As my wife was running some errands a few days ago, she was digging through her glove box to find a CD.
She was in the mood for some Puppets-era Metallica, but knowing that the disc was not in the car, she was hoping to find something heavy to satisfy her appetite for thrash.
Let me say that her appetite for thrash is a rare hunger pang. She is not well versed in thrash (although better than your average Joe), and truthfully is not a fan of the all-out nonstop speed thrash. The *pa-pa-pa-pa-pa-pa-pa-pa-pa* of the persistent snare drives her nuts.
Don't get me wrong, she has a heart for heavy music (her faves include Testament, Obituary, Pro-Pain, Megadeth, and even Napalm Death, which may contradict what I said in the previous paragraph, but Napalm has a knack for dynamics and hell-heavy breakdowns), but for the really fast stuff, her intake has to be in small doses.
So as she rummaged around through the glove box, she came across my burned copy of Vio-lence's Eternal Nightmare. Even as a fan of Machine Head, she had no idea who Vio-lence was, but popped the CD in anyway (probably fully expecting not to like it).
She admitted to not liking the first song, mainly due to the vocals, as do a lot of people who experience Killian's vocals for the first time. She listened to part of the second song (Serial Killer), and hit the skip.
Then began the song Phobophobia. Her thumb departed the skip button as the opening riffs caught her ear. When the vocals eventually kicked in, she still kept her digits far away from the skip button, allowing the song to continue uninterrupted.
She liked the song, which is a positive victory. Start small. One song. That's good.
I, myself, recently found that once you let a little bit of Vio-lence's music creep into your brain, the rest will eventually storm in, invade your privacy, make itself at home and eat your food. Then all you'll want to do is listen to Eternal Nightmare. It's a cosmic rule that E.N. can turn ordinary humans into thrash-frenzied maniacs. Look it up.
Anyway, when my wife later told me that she really liked "this one song" from Vio-lence, I was happy. I figured that out of all the thrash in which she might give a chance, Vio-lence would be at the bottom of the list next to Rigor Mortis and Guillotine.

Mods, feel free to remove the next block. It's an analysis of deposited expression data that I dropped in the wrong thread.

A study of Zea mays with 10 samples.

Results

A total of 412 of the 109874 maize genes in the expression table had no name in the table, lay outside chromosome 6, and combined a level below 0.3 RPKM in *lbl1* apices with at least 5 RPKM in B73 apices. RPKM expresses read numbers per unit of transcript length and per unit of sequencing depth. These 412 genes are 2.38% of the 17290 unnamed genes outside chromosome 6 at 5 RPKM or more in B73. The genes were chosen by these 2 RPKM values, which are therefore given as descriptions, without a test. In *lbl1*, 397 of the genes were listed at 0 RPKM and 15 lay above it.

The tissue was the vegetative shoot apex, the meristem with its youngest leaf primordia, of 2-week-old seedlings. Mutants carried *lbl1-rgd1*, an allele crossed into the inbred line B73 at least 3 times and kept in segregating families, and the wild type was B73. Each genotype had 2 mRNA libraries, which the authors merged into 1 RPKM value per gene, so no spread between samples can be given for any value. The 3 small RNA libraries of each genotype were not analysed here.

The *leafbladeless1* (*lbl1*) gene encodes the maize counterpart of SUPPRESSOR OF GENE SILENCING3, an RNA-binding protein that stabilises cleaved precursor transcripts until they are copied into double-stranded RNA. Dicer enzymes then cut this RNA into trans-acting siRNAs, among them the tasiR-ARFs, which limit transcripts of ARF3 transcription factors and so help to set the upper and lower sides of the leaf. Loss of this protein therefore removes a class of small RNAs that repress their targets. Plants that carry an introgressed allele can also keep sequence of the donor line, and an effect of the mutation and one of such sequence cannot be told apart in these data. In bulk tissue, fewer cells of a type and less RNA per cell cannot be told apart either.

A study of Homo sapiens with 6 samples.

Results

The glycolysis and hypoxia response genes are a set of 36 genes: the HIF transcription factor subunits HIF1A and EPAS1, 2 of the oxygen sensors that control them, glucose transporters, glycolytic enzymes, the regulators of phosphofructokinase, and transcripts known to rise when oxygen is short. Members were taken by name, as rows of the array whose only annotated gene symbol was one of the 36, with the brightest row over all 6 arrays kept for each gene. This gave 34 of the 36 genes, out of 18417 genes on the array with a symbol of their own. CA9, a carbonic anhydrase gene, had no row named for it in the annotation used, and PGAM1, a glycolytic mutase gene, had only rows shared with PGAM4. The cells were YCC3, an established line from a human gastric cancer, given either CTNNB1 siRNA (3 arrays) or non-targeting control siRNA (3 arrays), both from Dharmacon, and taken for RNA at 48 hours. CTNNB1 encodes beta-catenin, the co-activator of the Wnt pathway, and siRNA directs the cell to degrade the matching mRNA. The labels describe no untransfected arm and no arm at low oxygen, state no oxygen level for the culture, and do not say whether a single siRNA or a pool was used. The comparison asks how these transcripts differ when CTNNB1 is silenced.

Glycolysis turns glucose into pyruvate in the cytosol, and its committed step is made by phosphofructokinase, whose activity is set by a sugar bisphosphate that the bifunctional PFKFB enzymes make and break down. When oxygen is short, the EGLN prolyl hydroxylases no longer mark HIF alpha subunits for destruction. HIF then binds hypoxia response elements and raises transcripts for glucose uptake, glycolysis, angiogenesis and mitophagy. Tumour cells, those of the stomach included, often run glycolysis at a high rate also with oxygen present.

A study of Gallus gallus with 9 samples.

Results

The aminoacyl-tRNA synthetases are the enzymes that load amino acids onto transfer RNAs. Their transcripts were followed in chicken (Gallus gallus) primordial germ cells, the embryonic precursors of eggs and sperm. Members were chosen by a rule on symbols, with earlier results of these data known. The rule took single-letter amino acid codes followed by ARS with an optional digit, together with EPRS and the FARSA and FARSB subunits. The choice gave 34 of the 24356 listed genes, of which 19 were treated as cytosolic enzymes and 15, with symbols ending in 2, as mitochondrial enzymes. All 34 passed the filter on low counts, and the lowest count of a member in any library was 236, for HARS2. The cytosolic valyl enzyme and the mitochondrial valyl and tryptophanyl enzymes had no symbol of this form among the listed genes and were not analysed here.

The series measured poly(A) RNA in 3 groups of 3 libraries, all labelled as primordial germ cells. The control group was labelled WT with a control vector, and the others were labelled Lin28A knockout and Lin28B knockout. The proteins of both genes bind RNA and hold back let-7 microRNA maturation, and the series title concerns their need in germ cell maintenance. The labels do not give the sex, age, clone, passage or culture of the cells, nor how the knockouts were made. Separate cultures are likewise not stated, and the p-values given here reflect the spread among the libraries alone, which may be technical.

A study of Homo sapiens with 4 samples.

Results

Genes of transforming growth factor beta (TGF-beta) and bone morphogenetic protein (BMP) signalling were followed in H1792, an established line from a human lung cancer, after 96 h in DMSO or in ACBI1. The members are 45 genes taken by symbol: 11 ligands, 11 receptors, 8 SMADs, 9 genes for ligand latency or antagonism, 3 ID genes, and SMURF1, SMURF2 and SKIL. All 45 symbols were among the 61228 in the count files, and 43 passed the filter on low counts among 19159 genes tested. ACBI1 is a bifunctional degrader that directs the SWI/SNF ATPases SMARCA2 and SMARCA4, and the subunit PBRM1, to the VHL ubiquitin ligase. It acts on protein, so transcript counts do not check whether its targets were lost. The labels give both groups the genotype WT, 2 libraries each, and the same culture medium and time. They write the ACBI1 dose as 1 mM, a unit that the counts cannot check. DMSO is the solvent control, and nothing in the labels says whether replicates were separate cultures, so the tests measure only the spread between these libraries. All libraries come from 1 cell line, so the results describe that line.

When I told her who they are (classic-area thrash with members of Machine Head) and how it was weird that I never really listened to them until recently, she looked puzzled.
"Oh, they are that old?" she asked. "I thought I was listening to one of those new thrash bands that you are into."
HA! Did you all get that? She thought Vio-lence was a NEW thrash band.
Now, I am not making fun of her untrained ear toward thrash, nor am I poking fun at her mistaking a classic thrash band as a recent upstart stalk in the vast crop of the NWOTM.
No, I am praising her mistake! Why?
Because, as the bane of purists and to the delight of fans, when it is said that bands such as Violator, Bonded by Blood, and Municipal Waste sound like they could have come out of 1987 instead of 2011, they are right!
The music of newer thrash bands can be mistaken to be from an earlier era because a lot of it is undiluted thrash in its purest form. They want to play THRASH, criticisms of unoriginality be damned.
This is great news for new fans! Just as a vast number of NWOTM music could have been written and released 25 years ago, albums such as 4 of a Kind, Extreme Aggression, Kill 'Em All, and Game Over could be released today without the concerns of sounding dated.
In other words, new fans of thrash should have no problem skipping from era to era, experiencing everything thrash has to offer. It's backward compatible.
To a lot of us, thrash is forward-compatible, too, despite what the purists will say.